Swift & Co. v. United StatesAnnotate this Case
276 U.S. 311 (1928)
U.S. Supreme Court
Swift & Co. v. United States, 276 U.S. 311 (1928)
Swift & Company v. United States, 276 U.S. 311 (1928)
Argued October 3, 4, 1927
Reargued January 3, 4, 1928
Decided March 19, 1928
276 U.S. 311
1. Where a consent decree, entered in a suit brought by the government under the Anti-Trust Act, provided for entertaining at any time thereafter any application which the parties might make in respect to it, motions to vacate it made by defendants four years later in response to petitions of intervention and entitled in the suit were part of the original cause. P. 276 U. S. 322.
2. An appeal from an order of the Supreme Court of the District of Columbia overruling defendant's motion to vacate a decree in a suit by the government under the Anti-Trust Act does not lie to the Court of Appeals of the District, and where erroneously taken there from an order entered before the effective date of the Jurisdictional Act of February 13, 1925, should be transferred by that court, as a circuit court of appeals, to this Court. P. 276 U. S. 323.
3. Where questions were certified to this Court in a case appealed to the Court of Appeals of the District of Columbia which, under the Expediting Act of 1903, should have been appealed directly here, this Court, by ordering up the entire record, acquired jurisdiction as fully as if a formal transfer had been made. P. 276 U. S. 323.
4. The Supreme Court of the District of Columbia has power to administer relief under the Anti-Trust Act (Federal Trade Comm'n v. Klesner,274 U. S. 145), and where the suit is one under § 4, which can only be brought in equity, it is properly brought in that court sitting in Equity, and need not be addressed to it at special term as the "District Court of the United States." P. 276 U. S. 324.
5. In a suit by the government to restrain alleged violations of the Anti-Trust Act, defendants denied material allegations of the bill, but consented to the entry without any proof or finding of facts, of a decree granting comprehensive relief under the bill but declaring that defendants maintained the truth of their answers, asserted their innocence, and consented to the entry of the decree upon condition that their consent should not constitute an admission, nor the decree an adjudication, that they, or any of them, had violated any law of the United States.
(1) That a motion by the defendants to vacate the consent decree could not be sustained upon the ground that there was no case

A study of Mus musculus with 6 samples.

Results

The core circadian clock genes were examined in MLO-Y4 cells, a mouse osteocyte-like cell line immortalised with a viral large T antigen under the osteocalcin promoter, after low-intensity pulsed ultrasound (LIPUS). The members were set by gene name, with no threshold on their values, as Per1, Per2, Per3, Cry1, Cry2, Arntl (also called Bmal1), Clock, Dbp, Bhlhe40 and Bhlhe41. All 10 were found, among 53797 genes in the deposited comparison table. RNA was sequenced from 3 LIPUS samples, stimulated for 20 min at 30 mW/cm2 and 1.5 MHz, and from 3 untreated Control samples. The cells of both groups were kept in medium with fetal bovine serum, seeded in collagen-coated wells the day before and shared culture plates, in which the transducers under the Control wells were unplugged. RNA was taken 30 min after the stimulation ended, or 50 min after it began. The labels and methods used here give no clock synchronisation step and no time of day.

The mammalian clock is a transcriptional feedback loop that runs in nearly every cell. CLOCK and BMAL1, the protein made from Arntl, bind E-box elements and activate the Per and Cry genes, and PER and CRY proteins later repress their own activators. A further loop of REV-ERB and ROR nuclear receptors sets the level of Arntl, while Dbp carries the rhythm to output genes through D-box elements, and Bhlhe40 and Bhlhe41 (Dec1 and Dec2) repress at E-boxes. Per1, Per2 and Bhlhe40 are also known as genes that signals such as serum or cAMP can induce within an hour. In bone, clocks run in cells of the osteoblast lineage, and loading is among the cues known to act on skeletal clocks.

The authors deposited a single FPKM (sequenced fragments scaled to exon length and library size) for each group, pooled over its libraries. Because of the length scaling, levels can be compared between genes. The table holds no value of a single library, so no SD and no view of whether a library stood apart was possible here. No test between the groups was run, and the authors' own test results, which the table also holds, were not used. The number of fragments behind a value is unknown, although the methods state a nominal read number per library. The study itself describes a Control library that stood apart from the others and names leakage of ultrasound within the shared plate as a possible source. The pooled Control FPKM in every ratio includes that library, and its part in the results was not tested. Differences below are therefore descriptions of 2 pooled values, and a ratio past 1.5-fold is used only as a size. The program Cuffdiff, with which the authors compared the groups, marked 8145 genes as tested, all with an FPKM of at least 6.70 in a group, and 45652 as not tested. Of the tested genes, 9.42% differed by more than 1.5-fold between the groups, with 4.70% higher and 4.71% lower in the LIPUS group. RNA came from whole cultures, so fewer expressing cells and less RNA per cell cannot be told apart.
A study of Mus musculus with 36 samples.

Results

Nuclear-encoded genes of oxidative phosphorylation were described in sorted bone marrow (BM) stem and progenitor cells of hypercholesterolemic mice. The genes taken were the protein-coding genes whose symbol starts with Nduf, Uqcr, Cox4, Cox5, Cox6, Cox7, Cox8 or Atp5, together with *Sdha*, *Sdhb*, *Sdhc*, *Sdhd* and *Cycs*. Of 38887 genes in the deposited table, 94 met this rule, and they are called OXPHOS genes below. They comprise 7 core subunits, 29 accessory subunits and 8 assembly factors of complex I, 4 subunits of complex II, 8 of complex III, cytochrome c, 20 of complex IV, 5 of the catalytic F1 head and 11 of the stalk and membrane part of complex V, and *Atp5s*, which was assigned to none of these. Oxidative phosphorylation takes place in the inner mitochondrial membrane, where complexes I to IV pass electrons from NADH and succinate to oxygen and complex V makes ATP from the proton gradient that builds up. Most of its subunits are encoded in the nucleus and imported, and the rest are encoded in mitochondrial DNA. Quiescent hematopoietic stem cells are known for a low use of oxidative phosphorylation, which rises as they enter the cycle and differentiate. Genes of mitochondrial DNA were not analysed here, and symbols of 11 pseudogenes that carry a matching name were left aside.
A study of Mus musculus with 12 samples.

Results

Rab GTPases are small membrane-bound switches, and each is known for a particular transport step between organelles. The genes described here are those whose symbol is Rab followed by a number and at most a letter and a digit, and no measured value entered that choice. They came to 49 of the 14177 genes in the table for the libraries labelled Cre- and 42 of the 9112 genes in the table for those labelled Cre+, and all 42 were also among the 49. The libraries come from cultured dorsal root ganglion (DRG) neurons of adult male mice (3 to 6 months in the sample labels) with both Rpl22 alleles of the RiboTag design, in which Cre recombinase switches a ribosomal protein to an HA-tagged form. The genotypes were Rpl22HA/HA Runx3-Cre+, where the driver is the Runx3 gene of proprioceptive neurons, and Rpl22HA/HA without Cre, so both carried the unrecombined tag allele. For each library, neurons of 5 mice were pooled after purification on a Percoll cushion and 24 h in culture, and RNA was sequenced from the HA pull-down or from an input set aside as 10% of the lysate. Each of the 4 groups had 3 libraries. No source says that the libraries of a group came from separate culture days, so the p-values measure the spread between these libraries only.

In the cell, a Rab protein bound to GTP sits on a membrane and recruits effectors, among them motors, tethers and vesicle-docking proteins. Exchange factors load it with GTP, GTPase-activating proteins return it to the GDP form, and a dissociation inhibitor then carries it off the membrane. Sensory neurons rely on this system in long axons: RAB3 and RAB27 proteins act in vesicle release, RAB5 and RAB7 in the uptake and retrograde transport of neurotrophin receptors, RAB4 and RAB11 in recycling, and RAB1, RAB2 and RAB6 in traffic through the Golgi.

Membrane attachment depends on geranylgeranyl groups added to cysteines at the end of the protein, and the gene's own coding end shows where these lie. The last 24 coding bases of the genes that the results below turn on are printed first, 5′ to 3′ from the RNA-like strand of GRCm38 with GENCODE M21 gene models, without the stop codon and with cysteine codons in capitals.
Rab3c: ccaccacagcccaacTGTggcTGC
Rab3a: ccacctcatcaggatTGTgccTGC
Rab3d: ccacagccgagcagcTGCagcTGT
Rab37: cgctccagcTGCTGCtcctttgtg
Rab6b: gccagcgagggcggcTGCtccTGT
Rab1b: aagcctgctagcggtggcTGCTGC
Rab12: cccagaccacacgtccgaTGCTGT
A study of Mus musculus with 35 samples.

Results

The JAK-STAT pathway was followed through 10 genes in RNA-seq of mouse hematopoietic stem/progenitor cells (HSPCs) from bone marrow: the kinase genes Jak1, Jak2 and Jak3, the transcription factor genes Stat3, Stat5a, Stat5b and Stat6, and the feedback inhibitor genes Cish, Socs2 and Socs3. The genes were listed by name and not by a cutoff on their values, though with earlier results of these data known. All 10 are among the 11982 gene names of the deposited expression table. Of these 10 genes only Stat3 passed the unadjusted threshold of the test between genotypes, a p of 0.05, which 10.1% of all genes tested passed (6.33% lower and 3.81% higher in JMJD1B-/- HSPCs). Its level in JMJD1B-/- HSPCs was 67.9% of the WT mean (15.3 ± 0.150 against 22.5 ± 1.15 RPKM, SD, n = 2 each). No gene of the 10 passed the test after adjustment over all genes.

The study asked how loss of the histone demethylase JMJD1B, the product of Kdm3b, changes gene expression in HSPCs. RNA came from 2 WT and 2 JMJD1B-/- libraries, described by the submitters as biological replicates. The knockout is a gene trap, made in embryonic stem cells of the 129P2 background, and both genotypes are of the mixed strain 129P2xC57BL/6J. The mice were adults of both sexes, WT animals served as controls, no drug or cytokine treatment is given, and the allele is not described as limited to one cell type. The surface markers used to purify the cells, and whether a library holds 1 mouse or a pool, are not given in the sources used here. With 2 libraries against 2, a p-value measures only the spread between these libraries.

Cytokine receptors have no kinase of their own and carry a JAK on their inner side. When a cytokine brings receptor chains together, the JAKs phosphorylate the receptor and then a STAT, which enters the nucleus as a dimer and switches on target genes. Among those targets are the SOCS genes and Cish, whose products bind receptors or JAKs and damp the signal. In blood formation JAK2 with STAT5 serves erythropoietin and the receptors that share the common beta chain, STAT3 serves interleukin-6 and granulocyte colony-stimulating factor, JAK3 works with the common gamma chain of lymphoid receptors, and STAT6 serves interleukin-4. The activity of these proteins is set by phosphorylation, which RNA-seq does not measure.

or controversy to afford jurisdiction, since (a) an injunction may issue to prevent future wrongs though no right has yet been violated, and (b) because, if the court, having jurisdiction of the subject and the parties, erred in deciding that there was a controversy, the error could have been reached only by bill of review or appeal. P. 276 U. S. 325.
(2) A motion to vacate would not lie upon the ground that the facts necessary to constitute a violation conferring jurisdiction under the Anti-Trust Act were neither admitted nor proved, since an injunction limited to future acts might be based upon allegations of the bill not specifically denied. Error in that regard would not go to the jurisdiction, and, besides being of a kind reviewable only by appeal, was in this case waived by consent to the decree. P. 276 U. S. 327.
(3) Prohibitions in an injunction decree which, standing alone, are too general are to be read with other parts of the decree and with allegations of the bill for the purpose of removing uncertainties. P. 276 U. S. 327.
(4) Provisions of the consent decree cannot be assailed by a motion to vacate upon the ground that they enjoin future conduct in terms too vague and general. P. 276 U. S. 327.
(5) Nor upon the ground that defendants are debarred in the future from lawful lines of business not connected by any finding of facts with the conspiracy charged, since consent to entry of the decree without such findings left power in the court to construe the pleadings and therein to find circumstances of danger justifying such prohibitions. P. 276 U. S. 328.
(6) Even if the consent decree contain prohibitions which are contrary to the Anti-Trust Act and the common law, and are grossly erroneous, it is not therefore void. P. 276 U. S. 330.
(7) If the court, in addition to enjoining the acts that were admittedly interstate, enjoined some that.were wholly intrastate and in no way related to the conspiracy to obstruct interstate commerce, it erred, and, had the defendants not waived such error by their consent, they might have had it corrected on appeal. But the error, if any, does not go to the jurisdiction of the court. P. 276 U. S. 330.
(8) The consent of the Attorney General to the decree, whether correctly or erroneously given, was within his official discretion. P. 276 U. S. 331.
Supreme Court of the District of Columbia affirmed.
Review of orders of the Supreme Court of the District of Columbia, overruling motions of Swift & Company and other defendants seeking to vacate a decree which had been entered by consent in a suit brought by the government under the Anti-Trust Law. The matter went first, by appeal, to the Court of Appeals of the District of Columbia, and became lodged in this Court by an order calling up the entire record after that court had certified certain questions concerning it.